Sunday, February 1, 2009

Chapter Two of Society Must be Defended

I just think this is a good quote:

"Third, methodological precaution: Do not regard power as a phenomenon of mass and homogeneous domination--the domination of one individual over others, of one group over others, or of one class over others; keep it clearly in mind that unless we are looking at it from a great height and from a very great distance, power is not something that is divided between those who have it and hold it exclusively, and those who do not have it and are subject to it. Power must, I think, be analyzed as something that circulates, or rather as something that functions only when it is part of a chain It is never localized here or there, it is never in the hands of some, and it is never appropriated in the way that wealth of a commodity can be appropriated. Power functions. Power is exercised through networks, and individuals do not simply circulate in those networks; they are in a position to both submit to and exercise this power. They are never the inert or consenting targets of power; they are always its relays. In other words, power passes through individuals. It is not applied to them." (29)

Thus Foucault urges us not to conceive of the individual as some autonomous atomized figure, but to instead discuss this individual as an effect of power, constituted by and it and simultaneously the vessel for its exercise. The position of a "great height" from which one could conceivably see power is presumably fictive (Indeed, this links up most directly with the Deleuze and Guattari I've been reading lately, in which seeing networks of power would be possible only from a peak or mountain that thought itself capable of looking down on a plateau).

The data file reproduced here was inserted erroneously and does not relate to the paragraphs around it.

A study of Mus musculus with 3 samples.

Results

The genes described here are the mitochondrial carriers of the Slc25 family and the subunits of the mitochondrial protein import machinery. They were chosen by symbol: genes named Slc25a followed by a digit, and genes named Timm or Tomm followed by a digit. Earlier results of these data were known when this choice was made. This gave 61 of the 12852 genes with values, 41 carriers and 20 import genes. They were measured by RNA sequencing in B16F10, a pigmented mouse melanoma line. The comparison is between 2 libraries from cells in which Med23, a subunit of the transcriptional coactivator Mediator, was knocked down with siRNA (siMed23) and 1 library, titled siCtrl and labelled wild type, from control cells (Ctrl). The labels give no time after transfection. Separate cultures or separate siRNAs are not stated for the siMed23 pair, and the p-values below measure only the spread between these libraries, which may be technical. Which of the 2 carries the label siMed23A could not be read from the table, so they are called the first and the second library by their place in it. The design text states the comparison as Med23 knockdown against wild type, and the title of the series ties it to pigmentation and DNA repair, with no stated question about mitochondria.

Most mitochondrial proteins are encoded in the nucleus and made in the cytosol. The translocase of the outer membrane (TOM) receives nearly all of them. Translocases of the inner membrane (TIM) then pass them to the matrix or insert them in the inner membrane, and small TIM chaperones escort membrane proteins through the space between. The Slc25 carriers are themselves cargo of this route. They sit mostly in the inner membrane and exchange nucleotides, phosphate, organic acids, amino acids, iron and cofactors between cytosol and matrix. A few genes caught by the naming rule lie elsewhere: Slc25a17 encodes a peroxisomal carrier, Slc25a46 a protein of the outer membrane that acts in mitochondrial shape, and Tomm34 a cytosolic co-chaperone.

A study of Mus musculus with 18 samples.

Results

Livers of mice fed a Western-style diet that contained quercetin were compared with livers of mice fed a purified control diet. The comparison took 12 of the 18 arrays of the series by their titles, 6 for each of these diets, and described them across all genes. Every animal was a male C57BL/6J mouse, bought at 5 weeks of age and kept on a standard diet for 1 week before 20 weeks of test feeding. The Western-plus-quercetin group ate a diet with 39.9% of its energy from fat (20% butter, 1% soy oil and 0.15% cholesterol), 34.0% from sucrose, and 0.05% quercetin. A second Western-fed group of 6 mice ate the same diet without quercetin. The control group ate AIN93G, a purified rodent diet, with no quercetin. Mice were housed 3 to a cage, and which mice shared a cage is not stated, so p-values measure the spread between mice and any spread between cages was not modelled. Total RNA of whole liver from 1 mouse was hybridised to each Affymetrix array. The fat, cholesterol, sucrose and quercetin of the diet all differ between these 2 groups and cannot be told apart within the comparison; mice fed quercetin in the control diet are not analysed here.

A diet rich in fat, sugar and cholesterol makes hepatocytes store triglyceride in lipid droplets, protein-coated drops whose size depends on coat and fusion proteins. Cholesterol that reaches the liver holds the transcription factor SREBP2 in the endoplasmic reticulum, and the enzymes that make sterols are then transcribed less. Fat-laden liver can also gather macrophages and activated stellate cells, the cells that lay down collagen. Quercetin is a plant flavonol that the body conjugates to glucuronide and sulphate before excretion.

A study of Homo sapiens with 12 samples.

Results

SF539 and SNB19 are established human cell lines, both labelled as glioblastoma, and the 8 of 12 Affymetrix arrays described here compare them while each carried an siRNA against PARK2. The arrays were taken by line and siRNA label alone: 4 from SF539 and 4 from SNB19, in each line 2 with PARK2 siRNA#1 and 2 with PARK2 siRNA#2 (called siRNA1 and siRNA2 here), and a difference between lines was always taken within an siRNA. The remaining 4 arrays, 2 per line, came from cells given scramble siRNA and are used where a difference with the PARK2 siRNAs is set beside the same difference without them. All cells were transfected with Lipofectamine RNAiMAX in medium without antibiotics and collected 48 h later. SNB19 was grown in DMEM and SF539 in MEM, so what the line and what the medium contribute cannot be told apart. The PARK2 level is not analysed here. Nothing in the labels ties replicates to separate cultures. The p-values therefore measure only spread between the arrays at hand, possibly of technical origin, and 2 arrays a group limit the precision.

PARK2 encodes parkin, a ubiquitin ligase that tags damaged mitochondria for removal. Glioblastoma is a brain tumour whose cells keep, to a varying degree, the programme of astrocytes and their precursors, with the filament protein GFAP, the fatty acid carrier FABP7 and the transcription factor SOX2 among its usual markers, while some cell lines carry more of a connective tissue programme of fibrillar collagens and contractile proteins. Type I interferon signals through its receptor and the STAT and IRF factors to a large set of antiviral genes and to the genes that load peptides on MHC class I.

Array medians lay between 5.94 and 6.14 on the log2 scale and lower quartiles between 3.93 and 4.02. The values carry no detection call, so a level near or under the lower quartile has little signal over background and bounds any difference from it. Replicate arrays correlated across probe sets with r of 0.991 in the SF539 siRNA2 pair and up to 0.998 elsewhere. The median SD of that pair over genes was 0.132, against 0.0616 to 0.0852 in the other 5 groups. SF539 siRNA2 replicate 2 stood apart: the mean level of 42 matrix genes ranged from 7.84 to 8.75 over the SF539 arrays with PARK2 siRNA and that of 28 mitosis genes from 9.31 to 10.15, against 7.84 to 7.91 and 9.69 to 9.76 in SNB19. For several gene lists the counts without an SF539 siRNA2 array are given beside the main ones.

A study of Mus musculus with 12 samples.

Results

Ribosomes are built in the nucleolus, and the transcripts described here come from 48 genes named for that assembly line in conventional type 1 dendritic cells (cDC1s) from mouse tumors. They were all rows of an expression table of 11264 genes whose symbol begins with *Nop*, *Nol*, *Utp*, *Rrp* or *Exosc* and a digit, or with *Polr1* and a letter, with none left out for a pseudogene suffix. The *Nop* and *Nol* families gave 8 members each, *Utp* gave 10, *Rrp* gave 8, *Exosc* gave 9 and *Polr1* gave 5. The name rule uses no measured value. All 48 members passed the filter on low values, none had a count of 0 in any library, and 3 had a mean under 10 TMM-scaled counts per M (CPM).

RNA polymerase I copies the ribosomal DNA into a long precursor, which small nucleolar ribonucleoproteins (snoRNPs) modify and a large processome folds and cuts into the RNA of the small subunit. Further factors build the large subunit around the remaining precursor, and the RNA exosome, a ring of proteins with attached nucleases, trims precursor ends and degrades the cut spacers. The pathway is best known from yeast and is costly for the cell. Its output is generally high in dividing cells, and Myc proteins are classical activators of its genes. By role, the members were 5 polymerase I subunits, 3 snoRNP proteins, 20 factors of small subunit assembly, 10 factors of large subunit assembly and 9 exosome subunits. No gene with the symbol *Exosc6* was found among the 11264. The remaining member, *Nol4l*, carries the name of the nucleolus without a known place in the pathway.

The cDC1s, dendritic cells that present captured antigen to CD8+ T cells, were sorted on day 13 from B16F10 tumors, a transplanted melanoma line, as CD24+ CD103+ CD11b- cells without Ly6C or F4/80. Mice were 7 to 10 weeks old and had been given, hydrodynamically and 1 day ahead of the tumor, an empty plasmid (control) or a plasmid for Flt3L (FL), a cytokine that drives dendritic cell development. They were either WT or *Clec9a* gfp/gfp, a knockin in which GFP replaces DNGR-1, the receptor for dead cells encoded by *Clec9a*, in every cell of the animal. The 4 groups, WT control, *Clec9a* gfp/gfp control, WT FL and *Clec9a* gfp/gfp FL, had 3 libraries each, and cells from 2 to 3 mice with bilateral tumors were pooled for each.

1. Deacon takes this up in Fabricating Foucault; the more conservative appropriations of his work (foucault) seem increasingly difficult to sustain, eg in early Butler where she emphasizes the code of the performance over the performance itself.

    What more, when one would take that far away view they could possibly see beneath the soil, to the literal embodiment of the rhizome. In which case, what are we to do with readings that seem strategically to treat the grand view as if it were the only view?

    Or to put it in more disciplinary terms; if cultural formations can not be read from the abstraction, must a rhetorician become an ethnographer?

    Perhaps this is the reason why we allow so much agenda-setting to be called scholarship.

  2. There is a strange sense in which his writing sometimes seems like a polemic in favor of localism, which in some ways, is quite a conservative set of practices and attitudes.

    Its odd how he thinks say, the prison, functions as a metaphor for society, even though as an example its quite generalizable.

    Its been a while since i encountered Fabricating Foucault. I think if I roll with any secondary Foucault anytime soon it will be Dreyfus and Rabinow, which seems to be cited quite often.